Port Macquarie's Billy Axford says he's worried about his future prospects for employment given the current economic situation due to the COVID-19 pandemic.
The 22-year-old is a singer/songwriter and passionate about being involved in the arts industry.
Before the pandemic hit, Mr Axford would perform his music at venues across the region.
However, due to the current health restrictions, Mr Axford can no longer use live entertainment as a source of income.
"It's hard to get exposure in town because the only people who are really listening are online now, or those who already know me," he said.
Mr Axford considers himself to be one of the fortunate ones as he has held onto his casual job at the Grant Street cafe.
A lot of his friends, who also work in the hospitality industry, have not been so lucky. They have been stood down, or now have reduced hours to work.
Mr Axford had big plans in 2020 to establish a youth arts company to help others enter the industry, however that is also on hold.
"We are in the process of hopefully getting a production going later on in the year but that's up in the air," he said.
Mr Axford's vision for the company is for it to help young people establish themselves in the arts and provide them with opportunities.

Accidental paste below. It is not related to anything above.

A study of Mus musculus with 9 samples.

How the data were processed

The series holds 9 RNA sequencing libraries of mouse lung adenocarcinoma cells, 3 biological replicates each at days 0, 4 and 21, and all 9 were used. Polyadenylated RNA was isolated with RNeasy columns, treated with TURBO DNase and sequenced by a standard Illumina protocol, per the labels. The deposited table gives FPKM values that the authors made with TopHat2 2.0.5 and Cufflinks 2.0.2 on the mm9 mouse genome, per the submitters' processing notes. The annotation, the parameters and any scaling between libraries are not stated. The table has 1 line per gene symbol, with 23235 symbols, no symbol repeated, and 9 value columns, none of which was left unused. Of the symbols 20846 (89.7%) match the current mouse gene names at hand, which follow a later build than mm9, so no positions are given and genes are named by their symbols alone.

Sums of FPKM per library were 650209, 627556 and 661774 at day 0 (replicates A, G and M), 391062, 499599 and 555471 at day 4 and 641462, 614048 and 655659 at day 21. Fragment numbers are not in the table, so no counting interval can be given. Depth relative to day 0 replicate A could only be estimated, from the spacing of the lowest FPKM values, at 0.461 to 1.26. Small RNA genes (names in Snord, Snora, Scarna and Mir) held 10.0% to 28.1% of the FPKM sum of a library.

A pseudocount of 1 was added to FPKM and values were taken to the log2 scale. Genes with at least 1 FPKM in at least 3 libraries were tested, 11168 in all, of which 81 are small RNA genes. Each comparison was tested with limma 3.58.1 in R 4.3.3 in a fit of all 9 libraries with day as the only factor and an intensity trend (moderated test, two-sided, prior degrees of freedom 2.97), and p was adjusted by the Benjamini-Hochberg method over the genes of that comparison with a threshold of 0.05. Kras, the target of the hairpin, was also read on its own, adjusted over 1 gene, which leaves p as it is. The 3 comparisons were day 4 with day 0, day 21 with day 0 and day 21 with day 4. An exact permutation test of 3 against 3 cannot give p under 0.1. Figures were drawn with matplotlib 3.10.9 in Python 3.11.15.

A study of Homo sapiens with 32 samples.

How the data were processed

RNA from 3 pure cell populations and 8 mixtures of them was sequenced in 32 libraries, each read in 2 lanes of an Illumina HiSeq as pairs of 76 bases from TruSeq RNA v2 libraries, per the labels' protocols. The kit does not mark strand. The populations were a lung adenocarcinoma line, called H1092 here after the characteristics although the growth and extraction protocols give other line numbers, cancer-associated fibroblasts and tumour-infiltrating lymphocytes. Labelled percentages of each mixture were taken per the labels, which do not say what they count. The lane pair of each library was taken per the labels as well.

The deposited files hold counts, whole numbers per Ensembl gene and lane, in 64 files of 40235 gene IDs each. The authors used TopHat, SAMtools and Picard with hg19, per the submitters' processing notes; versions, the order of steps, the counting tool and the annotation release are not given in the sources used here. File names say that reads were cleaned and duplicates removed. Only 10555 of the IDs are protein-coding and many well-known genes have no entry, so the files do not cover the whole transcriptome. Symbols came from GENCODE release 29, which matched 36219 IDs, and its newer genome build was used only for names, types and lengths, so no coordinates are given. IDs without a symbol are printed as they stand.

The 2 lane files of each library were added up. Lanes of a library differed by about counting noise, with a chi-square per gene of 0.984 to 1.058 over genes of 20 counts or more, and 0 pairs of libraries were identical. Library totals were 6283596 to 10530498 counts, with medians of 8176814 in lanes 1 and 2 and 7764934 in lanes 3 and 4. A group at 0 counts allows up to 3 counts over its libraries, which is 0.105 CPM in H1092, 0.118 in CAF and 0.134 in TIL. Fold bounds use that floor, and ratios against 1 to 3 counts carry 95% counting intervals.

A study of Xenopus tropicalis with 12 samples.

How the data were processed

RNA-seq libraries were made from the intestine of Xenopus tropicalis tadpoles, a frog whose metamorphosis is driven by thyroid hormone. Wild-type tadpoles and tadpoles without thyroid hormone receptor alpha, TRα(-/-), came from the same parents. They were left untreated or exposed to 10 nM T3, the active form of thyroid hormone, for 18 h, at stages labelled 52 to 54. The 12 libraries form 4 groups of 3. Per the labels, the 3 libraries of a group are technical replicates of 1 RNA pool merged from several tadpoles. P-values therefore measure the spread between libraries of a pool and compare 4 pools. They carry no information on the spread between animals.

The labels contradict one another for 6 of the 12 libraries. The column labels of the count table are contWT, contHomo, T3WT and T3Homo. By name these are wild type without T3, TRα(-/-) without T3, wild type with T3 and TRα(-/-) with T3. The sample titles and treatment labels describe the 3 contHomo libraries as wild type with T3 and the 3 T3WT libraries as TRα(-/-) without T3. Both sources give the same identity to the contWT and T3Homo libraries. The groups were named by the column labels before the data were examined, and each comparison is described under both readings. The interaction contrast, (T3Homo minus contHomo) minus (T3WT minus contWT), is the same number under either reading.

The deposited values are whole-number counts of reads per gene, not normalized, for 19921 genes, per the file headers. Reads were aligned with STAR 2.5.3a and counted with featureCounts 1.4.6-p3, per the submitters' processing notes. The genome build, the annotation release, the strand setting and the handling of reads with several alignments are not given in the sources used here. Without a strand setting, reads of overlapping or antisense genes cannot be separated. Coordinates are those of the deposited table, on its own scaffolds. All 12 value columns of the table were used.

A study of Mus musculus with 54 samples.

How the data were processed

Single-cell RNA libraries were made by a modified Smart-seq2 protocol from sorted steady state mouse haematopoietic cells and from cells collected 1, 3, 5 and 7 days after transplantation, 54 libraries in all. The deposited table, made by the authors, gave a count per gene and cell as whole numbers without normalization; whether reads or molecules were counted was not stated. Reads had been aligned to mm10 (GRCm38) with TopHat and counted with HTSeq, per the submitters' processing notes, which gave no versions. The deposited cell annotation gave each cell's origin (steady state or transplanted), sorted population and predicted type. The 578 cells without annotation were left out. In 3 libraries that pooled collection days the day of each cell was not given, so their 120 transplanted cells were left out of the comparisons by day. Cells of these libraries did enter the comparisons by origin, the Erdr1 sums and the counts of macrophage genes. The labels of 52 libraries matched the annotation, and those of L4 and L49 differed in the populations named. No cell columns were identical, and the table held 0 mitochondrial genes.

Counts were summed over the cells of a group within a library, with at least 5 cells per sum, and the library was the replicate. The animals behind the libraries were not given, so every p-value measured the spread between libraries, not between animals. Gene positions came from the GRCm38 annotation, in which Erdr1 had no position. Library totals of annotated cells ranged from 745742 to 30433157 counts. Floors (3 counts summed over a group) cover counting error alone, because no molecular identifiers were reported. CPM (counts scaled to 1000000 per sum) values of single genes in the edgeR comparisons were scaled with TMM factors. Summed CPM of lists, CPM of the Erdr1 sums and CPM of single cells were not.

"Trying to educate young kids on how to work in the industry," he said.
"Linking them with professionals who are already established within the arts."
Mr Axford was eligible to access the government's Jobseeker subsidy to help throughout the tough economic time.
Business NSW Mid North Coast regional manager Kellon Beard acknowledged it's a tough time for young people, but said the pandemic can also create opportunity for those who are willing to transfer their skills and diversify.
Mr Beard said there are educational institutions, including TAFE NSW, which is providing people with the opportunity to study and up skill for free during this time.
For young people who might be in their final year of study or in industries which have taken a hit due to the pandemic, Mr Beard's message is do not despair.
He believes the economy will bounce back in time.
Recently the federal government announced the JobKeeper and JobSeeker subsidy payments will be extended a further six months but at a reduced rate.
When asked if the government should be forming long term plans to address issues impacting young people, Mr Beard said communities shouldn't solely rely on the government for support.
Port Macquarie-Hastings Council is conducting a number of free pop-up career sessions to help those whose employment has been impacted by the COVID-19 pandemic
The reboot, refresh, relaunch career pop-ups will provide the opportunity for those who have found themselves out of work, or whose work has reduced or been impacted by COVID-19, to speak with an advisor who will point people in the right direction for assistance.